Posted on behalf of Phillips Law Group on May 07, 2021 in Nursing Home Abuse
As of April 4, 2021, 131,584 residents of long-term care facilities had died from COVID-19, according to data from the Centers for Medicare and Medicaid Services (CMS), which regulates long-term care facilities.
While it may have been impossible to prevent some of these deaths, as the elderly are particularly susceptible to severe consequences from a COVID-19 infection, nursing homes did not always take the proper precautions.
Systemic problems that have plagued nursing homes for years may have put long-term care residents at high risk for contracting the virus and ultimately dying from it.
If an infection was caused by understaffing, failure to isolate other infected residents, employing staff members who had been around other infected people, or another form of negligence, there may be grounds for a wrongful death claim.
The Phoenix wrongful death lawyers at Phillips Law Group are here to review your situation in a free legal consultation. If we validate your claim, we are prepared to pursue maximum compensation for the damages caused by your loved one’s death.
There are no upfront fees for our services, which means there is no risk in calling to discuss your situation. Our firm has helped many families secure compensation for the wrongful death of a loved one, including recoveries of $4.5 million, $4 million and $3.1 million.
Phillips Law Group is here to help. Call 1-800-706-3000.
This would be one of the central questions in a wrongful death claim filed on behalf of a nursing home resident who died from COVID-19.
There are many factors your attorney may review to assess whether a nursing home or its staff members may have been negligent.
Even though we have learned so much about the virus since the early days of the pandemic, CMS issued guidance on infection control at long-term care facilities in March 2020 at the beginning of the pandemic. This guidance was based on Centers for Disease Control and Prevention (CDC) guidelines that were quite clear about slowing the spread of the virus.
On March 13, 2020, CMS issued a memorandum with “aggressive and decisive” recommendations, including:
CMS continued to provide updated guidance throughout the pandemic. For example, updated guidance was issued on April 2, 2020. Long-term care facilities were advised to screen anyone entering a facility, including:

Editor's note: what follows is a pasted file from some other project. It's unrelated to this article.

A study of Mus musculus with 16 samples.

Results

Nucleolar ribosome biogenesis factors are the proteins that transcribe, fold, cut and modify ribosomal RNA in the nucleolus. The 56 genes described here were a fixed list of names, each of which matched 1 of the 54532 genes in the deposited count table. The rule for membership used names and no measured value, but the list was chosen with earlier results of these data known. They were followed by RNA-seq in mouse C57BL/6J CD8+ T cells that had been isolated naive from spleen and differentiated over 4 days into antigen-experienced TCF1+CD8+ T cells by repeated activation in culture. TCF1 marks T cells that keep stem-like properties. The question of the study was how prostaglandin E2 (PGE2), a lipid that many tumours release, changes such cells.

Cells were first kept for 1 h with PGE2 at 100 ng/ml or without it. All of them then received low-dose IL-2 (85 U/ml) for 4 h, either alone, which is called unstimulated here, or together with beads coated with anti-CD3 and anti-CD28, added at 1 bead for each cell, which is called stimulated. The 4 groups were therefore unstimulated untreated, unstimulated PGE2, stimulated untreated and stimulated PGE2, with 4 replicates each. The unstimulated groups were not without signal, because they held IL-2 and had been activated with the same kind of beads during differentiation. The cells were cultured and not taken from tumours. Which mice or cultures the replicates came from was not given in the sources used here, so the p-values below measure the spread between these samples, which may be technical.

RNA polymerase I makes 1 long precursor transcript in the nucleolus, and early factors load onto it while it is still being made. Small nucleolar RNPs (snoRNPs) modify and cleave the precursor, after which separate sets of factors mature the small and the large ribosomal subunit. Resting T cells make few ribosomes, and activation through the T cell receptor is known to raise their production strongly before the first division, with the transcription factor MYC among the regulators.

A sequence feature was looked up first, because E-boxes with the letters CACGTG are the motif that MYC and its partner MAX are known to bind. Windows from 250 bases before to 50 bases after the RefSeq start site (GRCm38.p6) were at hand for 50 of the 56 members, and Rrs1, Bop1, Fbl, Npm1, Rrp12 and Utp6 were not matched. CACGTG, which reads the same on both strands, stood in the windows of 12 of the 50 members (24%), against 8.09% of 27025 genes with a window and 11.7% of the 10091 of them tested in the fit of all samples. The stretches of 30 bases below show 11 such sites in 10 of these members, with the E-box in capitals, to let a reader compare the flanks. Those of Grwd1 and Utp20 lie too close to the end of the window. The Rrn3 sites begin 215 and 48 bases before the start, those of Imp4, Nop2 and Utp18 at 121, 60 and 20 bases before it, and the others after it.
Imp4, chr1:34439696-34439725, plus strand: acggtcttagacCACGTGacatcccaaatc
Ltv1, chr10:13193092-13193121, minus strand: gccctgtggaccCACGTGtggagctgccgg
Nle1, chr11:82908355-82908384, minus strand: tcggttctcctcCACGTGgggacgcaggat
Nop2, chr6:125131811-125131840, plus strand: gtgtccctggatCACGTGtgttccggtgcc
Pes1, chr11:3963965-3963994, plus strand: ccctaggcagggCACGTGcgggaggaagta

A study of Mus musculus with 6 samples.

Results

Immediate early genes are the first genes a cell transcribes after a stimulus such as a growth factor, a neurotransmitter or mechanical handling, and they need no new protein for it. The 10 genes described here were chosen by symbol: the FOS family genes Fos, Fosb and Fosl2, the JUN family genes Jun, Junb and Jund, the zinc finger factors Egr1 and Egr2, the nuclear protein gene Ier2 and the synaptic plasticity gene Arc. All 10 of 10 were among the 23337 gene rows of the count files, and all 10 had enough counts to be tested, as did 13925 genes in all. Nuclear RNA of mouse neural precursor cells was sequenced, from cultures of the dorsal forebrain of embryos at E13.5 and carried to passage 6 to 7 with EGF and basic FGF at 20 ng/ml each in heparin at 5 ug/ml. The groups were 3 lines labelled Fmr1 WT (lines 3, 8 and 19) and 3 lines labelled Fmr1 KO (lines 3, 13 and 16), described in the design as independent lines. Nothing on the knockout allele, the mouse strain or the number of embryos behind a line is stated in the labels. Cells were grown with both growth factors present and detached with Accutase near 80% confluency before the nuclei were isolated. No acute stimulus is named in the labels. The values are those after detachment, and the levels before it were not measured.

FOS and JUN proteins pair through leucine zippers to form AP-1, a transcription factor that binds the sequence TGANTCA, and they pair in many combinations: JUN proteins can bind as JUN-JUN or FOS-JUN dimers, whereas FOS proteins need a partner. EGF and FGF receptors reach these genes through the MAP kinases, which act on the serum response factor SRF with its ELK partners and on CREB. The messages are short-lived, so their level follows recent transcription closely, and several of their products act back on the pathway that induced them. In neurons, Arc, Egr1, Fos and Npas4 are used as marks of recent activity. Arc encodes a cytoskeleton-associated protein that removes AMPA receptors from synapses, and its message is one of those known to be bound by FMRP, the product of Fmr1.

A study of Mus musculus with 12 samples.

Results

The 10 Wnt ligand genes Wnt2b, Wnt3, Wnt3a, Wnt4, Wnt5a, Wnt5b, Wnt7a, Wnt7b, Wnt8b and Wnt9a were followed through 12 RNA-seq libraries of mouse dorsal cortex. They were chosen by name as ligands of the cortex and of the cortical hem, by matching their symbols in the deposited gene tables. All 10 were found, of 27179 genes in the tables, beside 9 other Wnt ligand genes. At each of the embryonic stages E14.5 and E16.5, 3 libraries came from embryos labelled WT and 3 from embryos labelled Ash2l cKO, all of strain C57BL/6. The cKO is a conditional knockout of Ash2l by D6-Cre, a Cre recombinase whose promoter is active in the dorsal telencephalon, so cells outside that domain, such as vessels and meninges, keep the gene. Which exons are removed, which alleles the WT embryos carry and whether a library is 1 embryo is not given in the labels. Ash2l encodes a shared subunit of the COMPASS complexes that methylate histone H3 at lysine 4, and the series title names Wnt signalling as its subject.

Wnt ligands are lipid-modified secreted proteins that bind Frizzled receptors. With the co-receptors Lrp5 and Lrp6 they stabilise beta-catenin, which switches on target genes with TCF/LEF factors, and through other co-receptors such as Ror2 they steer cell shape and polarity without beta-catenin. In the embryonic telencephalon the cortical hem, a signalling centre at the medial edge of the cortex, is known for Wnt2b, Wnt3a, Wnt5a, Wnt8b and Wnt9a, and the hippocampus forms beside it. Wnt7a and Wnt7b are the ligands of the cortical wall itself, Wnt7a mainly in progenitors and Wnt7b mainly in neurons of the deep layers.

Facilities were advised to ask about COVID-19 symptoms and do temperature checks. Residents who were already in the facility needed to have their temperatures checked every day and be assessed for symptoms.
If the state where a facility was located issued a state of emergency, all personnel in the facility were advised to wear a face mask at all times. It was also advised to wear full personal protective equipment (PPE) when providing care for any resident who had a suspected or confirmed case of COVID-19.
Unfortunately, many nursing homes may not have implemented CMS and CDC guidance on protecting residents from COVID-19. The Department of Health and Human Services has been inundated with complaints about how nursing homes may have failed to protect residents.
Nursing homes/nursing home staff members have been accused of:
Despite the best intentions of some staff members, it may have been very difficult to implement safety recommendations due to understaffing. This has been a chronic problem in nursing homes and other long-term care facilities for many years. Facilities may be held liable for damages that result from understaffing.
An investigation by The Arizona Republic that was published in December 2020 revealed only five nursing homes had been fined by the state, even though 64 facilities were cited for infection-control violations. Multiple inspections revealed 22 nursing homes had errors as far as infection control.
In February 2021, complaints were opened against five administrators at Granite Creek Health & Rehabilitation Center in Prescott over allegations staff members were required to work even though they tested positive for COVID-19.
According to federal data, infected workers kept working in June and the following month, 15 residents died from COVID-19. In fact, in June 2020, the facility was cited by the state because staff members were not wearing PPE.
If our attorneys validate your claim, and you decide to move forward, we are prepared to pursue maximum compensation for damages caused by your loved one’s death. Damages from a wrongful death claim are typically divided into two categories: damages paid to the estate and damages paid to family members.
Your loved one’s estate may be able to recover compensation for:
You may be able to seek compensation for pain and suffering and lost care, companionship and guidance.
Punitive damages may also be available to punish the negligent party if the negligence was particularly egregious.
It is very difficult to determine if you have a case on your own. It is important to meet with an experienced lawyer to discuss whether a nursing home staff member or the facility itself may be held liable for your elderly loved one’s death.
There is no risk in meeting with an attorney from Phillips Law Group, as a consultation is free, and you are not obligated to hire our firm if we validate your claim. Our lawyers charge no upfront fees and do not get paid unless you get paid.
Our firm has secured hundreds of millions in compensation and believes negligent parties should be held accountable.
No upfront fees or obligations. Call Phillips Law Group: 1-800-706-3000.